On December 16, 2020, the Supreme Court granted certiorari in TransUnion LLC v. Ramirez to review the Ninth Circuit's decision in Ramirez v. TransUnion LLC. Specifically, the Supreme Court granted certiorari for the following question:
Whether either Article III or Rule 23 permits a damages class action where the vast majority of the class suffered no actual injury, let alone an injury anything like what the class representative suffered.
The oral argument in TransUnion is scheduled for March 30, 2021.
One strategy that merits substantial consideration is moving to stay any class action pending the outcome in TransUnion where there are Article III standing questions because the named class representative or some unnamed members of the class have not suffered any harm.
Last week, our Carlton Fields class action attorneys obtained an order granting such a stay in a data breach class action pending in the Middle District of Florida. Stoll v. Musculoskeletal Inst., Chartered, No. 8:20-cv-01798, 2021 WL 632622 (M.D. Fla. Feb. 18, 2021). The decision was entered over the plaintiff's objection and, as far as we can tell, is the first federal district court decision issued on this topic. The five-month stay will save the defendant from undertaking substantial work - and equally important, will allow for potentially favorable developments from the Supreme Court.
If we've piqued your interest, here is a little bit of background on why this issue is at the heart of scores of federal class actions and how the circuits are deeply split. At bottom, the question of Article III standing for absent class members is a knot that courts have been trying to sort out over the last several years.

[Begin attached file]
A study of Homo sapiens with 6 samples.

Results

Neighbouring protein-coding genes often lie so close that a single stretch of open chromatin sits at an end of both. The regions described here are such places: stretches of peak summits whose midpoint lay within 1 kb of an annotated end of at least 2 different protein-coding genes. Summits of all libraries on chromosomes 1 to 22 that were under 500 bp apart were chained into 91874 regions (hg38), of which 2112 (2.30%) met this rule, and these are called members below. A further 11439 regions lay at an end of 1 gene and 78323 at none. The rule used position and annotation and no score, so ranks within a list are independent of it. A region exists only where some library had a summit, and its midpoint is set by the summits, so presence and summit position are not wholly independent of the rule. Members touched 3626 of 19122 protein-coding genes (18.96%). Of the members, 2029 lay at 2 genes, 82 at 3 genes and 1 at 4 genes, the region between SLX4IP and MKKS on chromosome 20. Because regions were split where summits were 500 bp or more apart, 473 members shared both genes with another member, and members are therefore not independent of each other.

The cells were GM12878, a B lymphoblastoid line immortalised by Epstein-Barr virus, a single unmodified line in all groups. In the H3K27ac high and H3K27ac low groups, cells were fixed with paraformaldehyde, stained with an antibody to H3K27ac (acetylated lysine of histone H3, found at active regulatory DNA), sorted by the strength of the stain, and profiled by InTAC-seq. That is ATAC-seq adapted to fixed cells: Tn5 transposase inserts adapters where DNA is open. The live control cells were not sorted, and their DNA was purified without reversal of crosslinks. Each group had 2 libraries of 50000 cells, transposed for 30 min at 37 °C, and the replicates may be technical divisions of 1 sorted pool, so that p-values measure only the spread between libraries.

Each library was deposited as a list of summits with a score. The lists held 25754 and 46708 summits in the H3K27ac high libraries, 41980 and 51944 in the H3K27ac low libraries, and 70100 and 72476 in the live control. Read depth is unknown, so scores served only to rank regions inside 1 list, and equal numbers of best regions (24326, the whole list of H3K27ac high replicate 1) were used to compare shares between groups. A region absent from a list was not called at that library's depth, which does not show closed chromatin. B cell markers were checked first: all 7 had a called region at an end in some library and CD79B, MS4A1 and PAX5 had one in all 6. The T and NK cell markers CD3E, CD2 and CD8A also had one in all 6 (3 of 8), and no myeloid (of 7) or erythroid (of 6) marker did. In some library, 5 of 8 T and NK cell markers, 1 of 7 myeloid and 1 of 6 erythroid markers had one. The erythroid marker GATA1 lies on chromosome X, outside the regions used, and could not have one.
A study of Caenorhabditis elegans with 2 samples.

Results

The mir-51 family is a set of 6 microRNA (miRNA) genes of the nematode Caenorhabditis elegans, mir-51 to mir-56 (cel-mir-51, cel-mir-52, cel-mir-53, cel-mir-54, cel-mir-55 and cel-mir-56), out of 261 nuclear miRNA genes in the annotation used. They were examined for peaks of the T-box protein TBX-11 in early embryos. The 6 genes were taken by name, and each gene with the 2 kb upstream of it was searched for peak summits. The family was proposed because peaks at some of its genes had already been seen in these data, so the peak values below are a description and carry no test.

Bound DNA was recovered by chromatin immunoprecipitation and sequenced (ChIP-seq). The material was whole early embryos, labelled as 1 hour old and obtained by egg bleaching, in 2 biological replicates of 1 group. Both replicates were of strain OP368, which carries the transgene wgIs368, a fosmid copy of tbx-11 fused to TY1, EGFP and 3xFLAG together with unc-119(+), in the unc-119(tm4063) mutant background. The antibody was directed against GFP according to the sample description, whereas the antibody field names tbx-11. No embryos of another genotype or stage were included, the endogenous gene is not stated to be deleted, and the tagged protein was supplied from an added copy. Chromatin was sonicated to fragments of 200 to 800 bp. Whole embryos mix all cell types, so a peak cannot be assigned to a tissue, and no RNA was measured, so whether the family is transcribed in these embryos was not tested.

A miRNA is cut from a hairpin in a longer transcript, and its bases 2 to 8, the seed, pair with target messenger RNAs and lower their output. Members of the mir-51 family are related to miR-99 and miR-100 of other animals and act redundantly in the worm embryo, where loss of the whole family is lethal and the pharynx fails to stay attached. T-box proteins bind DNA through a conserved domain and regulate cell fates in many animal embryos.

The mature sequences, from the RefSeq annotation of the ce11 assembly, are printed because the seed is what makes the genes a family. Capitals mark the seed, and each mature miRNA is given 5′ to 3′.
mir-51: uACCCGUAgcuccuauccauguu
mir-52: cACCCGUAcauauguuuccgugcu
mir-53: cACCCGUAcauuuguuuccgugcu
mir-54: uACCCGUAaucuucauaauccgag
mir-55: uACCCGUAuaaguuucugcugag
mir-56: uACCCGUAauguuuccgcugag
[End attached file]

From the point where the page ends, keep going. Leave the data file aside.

- On one end, the Second Circuit has held that "no class may be certified that contains members lacking Article III standing." Denney v. Deutsche Bank AG, 443 F.3d 253 (2d Cir. 2006). Likewise, in In re Asacol Antitrust Litigation, 907 F.3d 42 (1st Cir. 2018), the First Circuit reversed an order granting class certification, holding that "this is a case in which any class member may be uninjured, and there are apparently thousands who in fact suffered no injury." And in In re Rail Freight Fuel Surcharge Antitrust Litigation, 725 F.3d 244 (D.C. Cir. 2013), the D.C. Circuit vacated certification of a class because the plaintiffs had failed to "show that they can prove, through common evidence, that all class members were in fact injured by the alleged conspiracy."
- Somewhere in the middle is the Eleventh Circuit, which has held that "at some point before it can award any relief, the district court will have to determine whether each member of the class has standing." Cordoba v. Direct TV, LLC, 942 F.3d 1259 (11th Cir. 2019).
- Other circuits have held that absent class members are not required to have Article III standing. See Neale v. Volvo Cars of N. Am., LLC, 794 F.3d 353 (3d Cir. 2015) (concluding that "requiring Article III standing of absent class members is inconsistent with the nature of an action under Rule 23"); DG ex rel. Stricklin v. Devaughn, 594 F.3d 1188 (10th Cir. 2010) (holding that "Rule 23's certification requirements neither require all class members to suffer harm or threat of immediate harm"); Kohen v. Pac. Inv. Mgmt. Co., 571 F.3d 672 (7th Cir. 2009) ("[A] class will often include persons who have not been injured by the defendant's conduct. … Such a possibility or indeed inevitability does not preclude class certification.").
One way or the other, the Supreme Court's upcoming decision in TransUnion should shed light as to whether the Second Circuit's categorical approach will control or if the rule will call for some less rigid standard, at least at the class certification stage. We would be glad to discuss these issues with you and how they can be best addressed in any pending federal class actions.